This blog’s becoming less and less focused over time. And possibly less and less informative.
I suppose most of it still comes under the general heading of “humanism”, be it science or religion or politics or human rights stuff. But maybe I should try to narrow my scope, and specialise a bit more, and try not to talk about everything that interests me all in one place.
You know whenever I finally get a cat I’m going to be flooding this place with pictures though.
Anyway, in this post I’m veering briefly back into my adventures with anarchy. I’m still ploughing through An Anarchist FAQ, trying to understand the philosophy as I decide how useful I think it is.
It’s still interesting, albeit really not written in the format of a particularly helpful introduction to anarchism for the uninitiated – at least, not if you just read it through from the start like I’m doing. Maybe I’d be getting more out of it if I dipped into the different sections as it pleased me, but on the whole it doesn’t really address the basic novice questions in the order they’re likely to arise.
It does have some good ideas, though, even if they do sometimes take some ferreting out. The stuff on capitalist economics is interesting, and ideally I’d try to read up on the same concepts from a different perspective as well, to get a better idea of how well the anarchist critique holds up. But sometimes I can’t tell whether I disagree with their politics, or am simply alienated by the way it’s presented.
For instance. I’ve considered myself, broadly, a supporter of capitalism for some years now. The basic economics books or essays that I’ve read have made pretty clear what it has going for it, and the benefits that come from having a system of open competition driving the markets. It makes a certain sense that companies should have to work hard to provide the most worthwhile service to the consumer, unlike in state socialism where everyone has to queue for hours to have things handed out with some gross approximation of “fairness”.
I’m less convinced these days. I’m becoming jaded about the sustainability of a truly free market, the way it’s supposed to exist, where perfect competition between companies means consumers really will be provided with the best possible service because of their spending power.
But it’s not been the anarchist critique of economics that’s won me over. I’m still not empathising with their antipathy to the basic capitalist principle of workers being paid wages for their labour, instead of owning the direct results of their output themselves.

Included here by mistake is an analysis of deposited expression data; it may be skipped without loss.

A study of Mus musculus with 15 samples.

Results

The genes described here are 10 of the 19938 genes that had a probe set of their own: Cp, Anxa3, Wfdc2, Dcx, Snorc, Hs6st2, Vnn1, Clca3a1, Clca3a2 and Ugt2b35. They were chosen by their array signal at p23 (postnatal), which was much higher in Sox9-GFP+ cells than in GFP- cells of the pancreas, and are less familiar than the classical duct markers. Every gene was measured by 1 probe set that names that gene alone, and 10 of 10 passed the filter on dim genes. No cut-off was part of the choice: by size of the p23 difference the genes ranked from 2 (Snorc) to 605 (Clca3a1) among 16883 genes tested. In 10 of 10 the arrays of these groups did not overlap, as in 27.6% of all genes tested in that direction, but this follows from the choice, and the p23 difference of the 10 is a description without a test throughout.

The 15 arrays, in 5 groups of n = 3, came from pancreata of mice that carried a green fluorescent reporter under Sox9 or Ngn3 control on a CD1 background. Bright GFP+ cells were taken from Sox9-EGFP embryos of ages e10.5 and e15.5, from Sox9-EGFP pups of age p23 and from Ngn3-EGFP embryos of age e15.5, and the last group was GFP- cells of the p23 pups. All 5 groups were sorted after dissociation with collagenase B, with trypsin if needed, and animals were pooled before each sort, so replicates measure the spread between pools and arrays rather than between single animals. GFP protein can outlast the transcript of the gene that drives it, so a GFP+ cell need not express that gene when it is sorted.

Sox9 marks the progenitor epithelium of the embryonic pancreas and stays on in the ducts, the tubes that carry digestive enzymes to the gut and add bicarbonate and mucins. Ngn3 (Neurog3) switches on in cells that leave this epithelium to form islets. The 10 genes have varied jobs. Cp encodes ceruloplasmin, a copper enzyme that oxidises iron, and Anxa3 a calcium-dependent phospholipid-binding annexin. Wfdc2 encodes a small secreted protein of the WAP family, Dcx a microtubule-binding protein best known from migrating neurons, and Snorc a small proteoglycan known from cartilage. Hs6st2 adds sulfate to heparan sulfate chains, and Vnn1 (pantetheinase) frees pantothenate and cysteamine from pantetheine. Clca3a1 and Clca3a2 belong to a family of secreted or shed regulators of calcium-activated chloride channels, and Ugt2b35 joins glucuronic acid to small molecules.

The part of the FAQ I’ve been reading most recently is making it clear that anarchists really don’t like this idea. But I still don’t see anything obviously unjust about the part of the system where I do work and get paid. I’m not saying there’s nothing objectionable about the hierarchical way things are structured, but I don’t see wages as an inherently offensive concept.
Speaking for myself, I don’t think I especially want to own the output of my labour – which, at present, mostly consists of neatly typed letters and spreadsheets of medical data, which are of no direct use to me whatsoever. But there’s value in the work being done, and I trade my work – even if it’s not a totally free trade – for shelter and food and books, via the useful fiction of money.
Isn’t something similar always going to happen, in any society that isn’t entirely populated with clones of Richard Briers and Felicity Kendal? Under anarchism, would I still get to live in a house that someone else built and eat dinner that someone else has already killed for me?
These might be painfully basic questions which demonstrate how far I’m missing the point, but I can’t tell that from the polemical anti-capitalism of the FAQ I’m reading. And as I think I’ve said before, it’d be a shame if I or others like me don’t manage to figure out that the anarchists are right, just because their rationale sounds like it comes straight out of a revolutionary pamphlet from Russia in 1917 and so doesn’t seem to apply to the society I’m familiar with.
On the other hand, one thing that has bolstered my skepticism of capitalist economics has been the research done into human rationality, and specifically how bad we are at it. Watch Dan Ariely’s TED talk, for instance, or read his book Predictably Irrational, and try telling me there’s any hope that logically consistent human behaviour will save the day.
I really don’t know what the answer is. I’m not totally sure that capitalism can’t be fixed, but I wouldn’t know where to start, and we’re a long way from getting that done now. (And what’s going to fix it? Government? Ugh.)
Maybe I should find somewhere else to discuss this kind of thing, and try getting some answers from people who know what they’re talking about, before I end up just blathering at length here. I think the number of people following this blog who have any knowledge of or interest in anarchy as a political philosophy is very limited, and I don’t want Mel to feel like she has to write a whole new essay for me each time I half-understand a new idea. (Though you’re welcome to try!)
Oh look, there’s a weekend. I wonder if it’ll be friends with me.